Would You Jump Off a Cliff?

Why I Left Goldman SachsYou may remember back many months ago, Greg Smith wrote a high profile OpEd in the New York Times as he stepped down as a VP at Goldman Sachs. This last weekend, he was on 60 Minutes in a plug for this new book, Why I Left Goldman Sachs. Matt Yglesias, for one, doesn’t really care about all that. “But the ferocious anti-Smith push from Goldman Sachs PR and Smith’s critics in the media have me interested again!” he writes.

I’m glad to hear this, because I think what Smith has to say is important. And I especially thought that while I watched the 60 Minutes interview. The way it was cut together tended to minimize his arguments. The segment contradicted him by using Frank Partnoy, a former derivatives trader turned (God help us!) finance professor. His refrain was, “Who cares? Everybody does it!”

What everyone does is screw over their clients. Companies like Goldman Sachs are supposed to help their clients make money. Instead, they just use them to enrich themselves. And the more green the client, the better Goldman Sachs likes it.

This is basic stuff. It is like when you were a kid. Everyone’s heard it from their moms, “If everyone jumped off a cliff, would you?” Well, would you?! This is something we are supposed to learn at 5 or 6. Just because everyone else is doing it doesn’t make it right. But maybe we’re all supposed to know that people on Wall Street don’t have the ethics of a kindergartner.

Matt Yglesias explains this in the most forceful terms:

Norms matter. People work for money. But people also work for status, and people work because they take pride in a job well done. Ideas about what kinds of financial success merit high status and what kinds of jobs constitute a job well done are important. A doctor who bragged to you at a party about scoring a great deal on season tickets is doing something very different from a doctor who brags to you at a party about scoring season tickets after swindling a woman out of a bunch of money for unnecessary medical treatments. A doctor isn’t supposed to be hustling patients. Everybody knows that. The vast majority of journalists are working for for-profit enterprises that are publishing stuff in hopes of making money, but it’s much better to live in a world where the editorial personnel don’t understand themselves as merely engaged in a transactional quest for money rather than a genuine effort to entertain and inform the public. The idea that there’s a difference between making money by being clever and inventing something useful to sell to people and making money by being clever and inventing a way to persuade people to buy something useless is fundamental.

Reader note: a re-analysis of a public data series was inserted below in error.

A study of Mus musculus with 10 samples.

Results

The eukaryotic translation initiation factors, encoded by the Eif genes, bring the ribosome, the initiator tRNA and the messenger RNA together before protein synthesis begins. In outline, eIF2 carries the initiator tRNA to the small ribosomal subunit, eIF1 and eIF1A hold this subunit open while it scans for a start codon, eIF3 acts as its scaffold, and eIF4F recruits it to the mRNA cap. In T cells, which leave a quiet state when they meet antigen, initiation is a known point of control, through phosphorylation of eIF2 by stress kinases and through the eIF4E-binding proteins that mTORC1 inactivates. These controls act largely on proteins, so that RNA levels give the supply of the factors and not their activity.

Amen brother!

Update (23 October 4:47 pm)

Hamilton Nolan has an excellent article at Gawker, In Defense of Being Outraged by Things that Everyone Already Knows:

The backlash, of course, is already well under way. The NYT‘s Andrew Ross Sorkin said he thought Smith “might have conned” the media into paying attention to him, because his book “doesn’t say anything particularly revelatory.” Nathan Vardi at Forbes dismisses Smith’s complaints, saying that clients distrusting their own banks is “precisely what should be happening in financial markets.” The NY Daily News complains that Smith’s book “failed to make his readers care” about the issues he raises. As Bloomberg View put it in its original snide dismissal of Smith’s op-ed, “If you want to dedicate your life to serving humanity, do not go to work for Goldman Sachs.”

I would simply like to assert that, no matter whether or not you believe Greg Smith is a hero or an opportunist, he did what we would all hope that our own banker would do: he spoke out publicly about something that was wrong. The fact that his charges are old news to the Wall Street people, the bankers, the financially savvy, and the media figures that cover them is not an indictment of Greg Smith. It is an indictment of everyone who accepted rapacious amorality as the natural order of things. It is not important whether or not Greg Smith is a hero. What is important is the principle that people in positions of power should not grow so inured to corruption or unfairness or the rotten nature of their particular institution that they accept that state of affairs without question. To understand how something works does not mean that we must lackadaisically assume that it should work that way. And we should never become so cynical that we create an environment in which whistleblowers receive more criticism than the institutions they blow the whistle on.

Everybody knows Wall Street rips off unsophisticated clients as a matter of course. One guy complained about it. That’s the problem.


Frank Moraes is a freelance writer and editor online and in print. He is educated as a scientist with a PhD in Atmospheric Physics. He has worked in climate science, remote sensing, throughout the computer industry, and as a college physics instructor. Find out more at About Frank Moraes.